5 Most Unethical Psychological Experiments

Resham Agarwal
Jul 13, 2019   •  28 views



The link above will tell you all about this experiment. It was conducted by Zimbardo, this two week planned experiment had to be stopped in 6 days due to increasing hostility of guards on prisoners. The main aim of the experiment was to study the effect of prison life but Zimbardo also wanted to study the effect of situation on personality. In 6th day, Christina Maslach (also known to be Zimbardo’s then girlfriend), came to interview with guards and prisoners. She strongly objected the way prisoners were treated. The ethical objection raised afterwards was about the consent. The students were told that they could leave whenever they want to but after staring the experiment Zimbardo did not allow anyone to leave.


In 1961 professor Stanley Milgram of Yale University conducted this experiment. He wanted to assess whether people could actually carry out acts that clashed with their conscience if directed by an authority figure. Milgram told the subjects that it was an experiment to study the effect of punishment on behavior, so their task was to ask some paired names and give electric shock if they gave wrong answers. The intensity of shocks would increase by fifteen volts with each wrong answers. There were another volunteers (an actor) who played the role of students, their task was to memorize the pair of words and pretend to receive painful electric shocks, which the teacher would think that they are delivering. Milgram noticed that majority of the participants followed the orders and continued delivering shocks despite of clear discomfort of learners.


American psychologist John B. Watson (also known as ‘father of behaviorism’) at Johns Hopkins University conducted this experiment.

He wanted to learn that is it possible to trigger fear in a child for something ordinary by conditioning. He borrowed eight- month- old baby Albert for this experiment. Firstly a white rat was introduced to Albert; it was observed that he was not scared from it. After that white rat was reintroduced with a sudden loud noise. Albert was scared of the noise; Watson repeated this until Albert stared association rat with noise. He eventually developed phobia of white rats. Moreover Watson continued this with other animals and things that were white and fluffy. Albert developed phobia of anything white and fluffy including rabbits, dogs, Santa Clause and even blankets. He died at the age of 6 of an unrelated illness, so doctors couldn’t say that if the trauma would have lasted into adulthood. But still the child lived in fear for those 6 years due to this experiment.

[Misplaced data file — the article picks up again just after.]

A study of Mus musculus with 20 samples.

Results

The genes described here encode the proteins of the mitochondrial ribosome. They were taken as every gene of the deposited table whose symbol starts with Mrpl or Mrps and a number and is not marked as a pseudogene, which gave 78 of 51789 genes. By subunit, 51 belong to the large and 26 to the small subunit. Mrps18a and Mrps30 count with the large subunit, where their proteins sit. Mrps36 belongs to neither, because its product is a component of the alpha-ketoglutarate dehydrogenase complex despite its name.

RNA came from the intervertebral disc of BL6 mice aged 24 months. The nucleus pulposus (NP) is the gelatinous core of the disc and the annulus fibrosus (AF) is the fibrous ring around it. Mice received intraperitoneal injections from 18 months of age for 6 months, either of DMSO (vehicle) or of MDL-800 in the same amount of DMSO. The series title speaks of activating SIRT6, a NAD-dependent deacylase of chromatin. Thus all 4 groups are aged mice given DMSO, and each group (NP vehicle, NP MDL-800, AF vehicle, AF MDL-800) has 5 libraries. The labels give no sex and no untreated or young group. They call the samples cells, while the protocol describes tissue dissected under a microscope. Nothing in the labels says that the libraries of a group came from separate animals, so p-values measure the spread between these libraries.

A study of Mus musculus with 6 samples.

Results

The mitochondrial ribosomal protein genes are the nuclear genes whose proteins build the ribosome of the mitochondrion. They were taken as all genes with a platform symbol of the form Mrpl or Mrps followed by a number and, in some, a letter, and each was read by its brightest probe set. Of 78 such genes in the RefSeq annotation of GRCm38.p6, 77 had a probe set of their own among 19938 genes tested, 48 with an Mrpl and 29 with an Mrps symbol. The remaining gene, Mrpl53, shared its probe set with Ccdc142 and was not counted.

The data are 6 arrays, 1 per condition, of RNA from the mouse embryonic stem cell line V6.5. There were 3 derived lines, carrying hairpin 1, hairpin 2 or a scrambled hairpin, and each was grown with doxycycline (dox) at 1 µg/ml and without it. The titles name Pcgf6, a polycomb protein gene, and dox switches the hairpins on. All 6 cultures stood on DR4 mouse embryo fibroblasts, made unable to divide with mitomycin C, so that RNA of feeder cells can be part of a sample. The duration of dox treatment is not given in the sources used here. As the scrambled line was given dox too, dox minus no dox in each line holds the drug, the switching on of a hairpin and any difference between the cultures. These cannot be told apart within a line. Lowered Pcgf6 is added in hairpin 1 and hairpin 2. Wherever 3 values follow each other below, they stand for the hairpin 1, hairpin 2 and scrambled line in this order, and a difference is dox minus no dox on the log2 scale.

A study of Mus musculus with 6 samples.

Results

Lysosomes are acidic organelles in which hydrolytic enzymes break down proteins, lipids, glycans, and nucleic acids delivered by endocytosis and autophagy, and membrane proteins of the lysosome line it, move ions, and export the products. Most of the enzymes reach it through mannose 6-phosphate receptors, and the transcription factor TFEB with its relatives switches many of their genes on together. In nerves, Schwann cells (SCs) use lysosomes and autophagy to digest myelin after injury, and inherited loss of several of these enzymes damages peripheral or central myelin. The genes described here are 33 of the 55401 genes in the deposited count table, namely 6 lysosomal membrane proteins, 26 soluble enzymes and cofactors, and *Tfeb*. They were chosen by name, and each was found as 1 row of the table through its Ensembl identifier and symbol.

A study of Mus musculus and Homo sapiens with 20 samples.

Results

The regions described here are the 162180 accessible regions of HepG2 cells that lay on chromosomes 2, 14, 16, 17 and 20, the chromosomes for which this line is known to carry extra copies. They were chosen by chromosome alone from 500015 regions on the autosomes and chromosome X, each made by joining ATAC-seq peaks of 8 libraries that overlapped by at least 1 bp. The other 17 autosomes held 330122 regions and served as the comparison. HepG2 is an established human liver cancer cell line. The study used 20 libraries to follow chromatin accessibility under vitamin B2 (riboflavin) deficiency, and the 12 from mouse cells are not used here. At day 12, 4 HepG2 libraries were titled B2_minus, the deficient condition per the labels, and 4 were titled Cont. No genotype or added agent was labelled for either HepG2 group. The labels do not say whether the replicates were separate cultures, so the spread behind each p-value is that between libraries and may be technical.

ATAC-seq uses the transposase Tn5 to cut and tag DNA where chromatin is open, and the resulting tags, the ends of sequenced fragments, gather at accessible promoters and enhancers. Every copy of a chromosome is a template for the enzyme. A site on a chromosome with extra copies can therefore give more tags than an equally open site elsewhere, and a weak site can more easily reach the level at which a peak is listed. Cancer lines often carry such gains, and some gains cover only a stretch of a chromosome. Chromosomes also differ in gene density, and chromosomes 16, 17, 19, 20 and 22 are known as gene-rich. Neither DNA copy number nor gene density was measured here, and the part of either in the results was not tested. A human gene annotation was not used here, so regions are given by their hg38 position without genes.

This experiment might have shed light on psychological aspect of drug addiction, but the three researchers involved in this experiment completely crossed the line by getting monkeys hooked on illegal substances. G.A. Deneau, T. Yanagita and M.H. Seevers conducted this experiment in University of Michigan Medical School. In this the experimenters injected monkeys with several drugs like cocaine, amphetamines, morphine and alcohol to study the effects of drug addiction using animals. Many monkeys were trained to inject themselves with these drugs and were left alone with large supply of drugs. During which many monkeys became extremely crazy, some tried to escape and broke limbs, some tore off their fingers (due to hallucinations), some ripped all the fur from their body and some died due to mixing of drugs.


“Cure” for homosexuality was once a prominent subject for researchers. A study was published in British Medical Journal in 1967 that involved “treating” a group of 43 homosexual men. M.J. MacCulloch and M.P. Feldman conducted it. The subjects were shown slides of men that they were told to keep looking at for as long as they want. However after 8 seconds they were given electric shock. After that slides of women were shown and no punishment followed that, they were able to look at slides of women for as long as they wanted. Although researchers suggested that it cured homosexuality to some level, but it was proved to be dangerous and ineffective by American Psychological Association in 1994.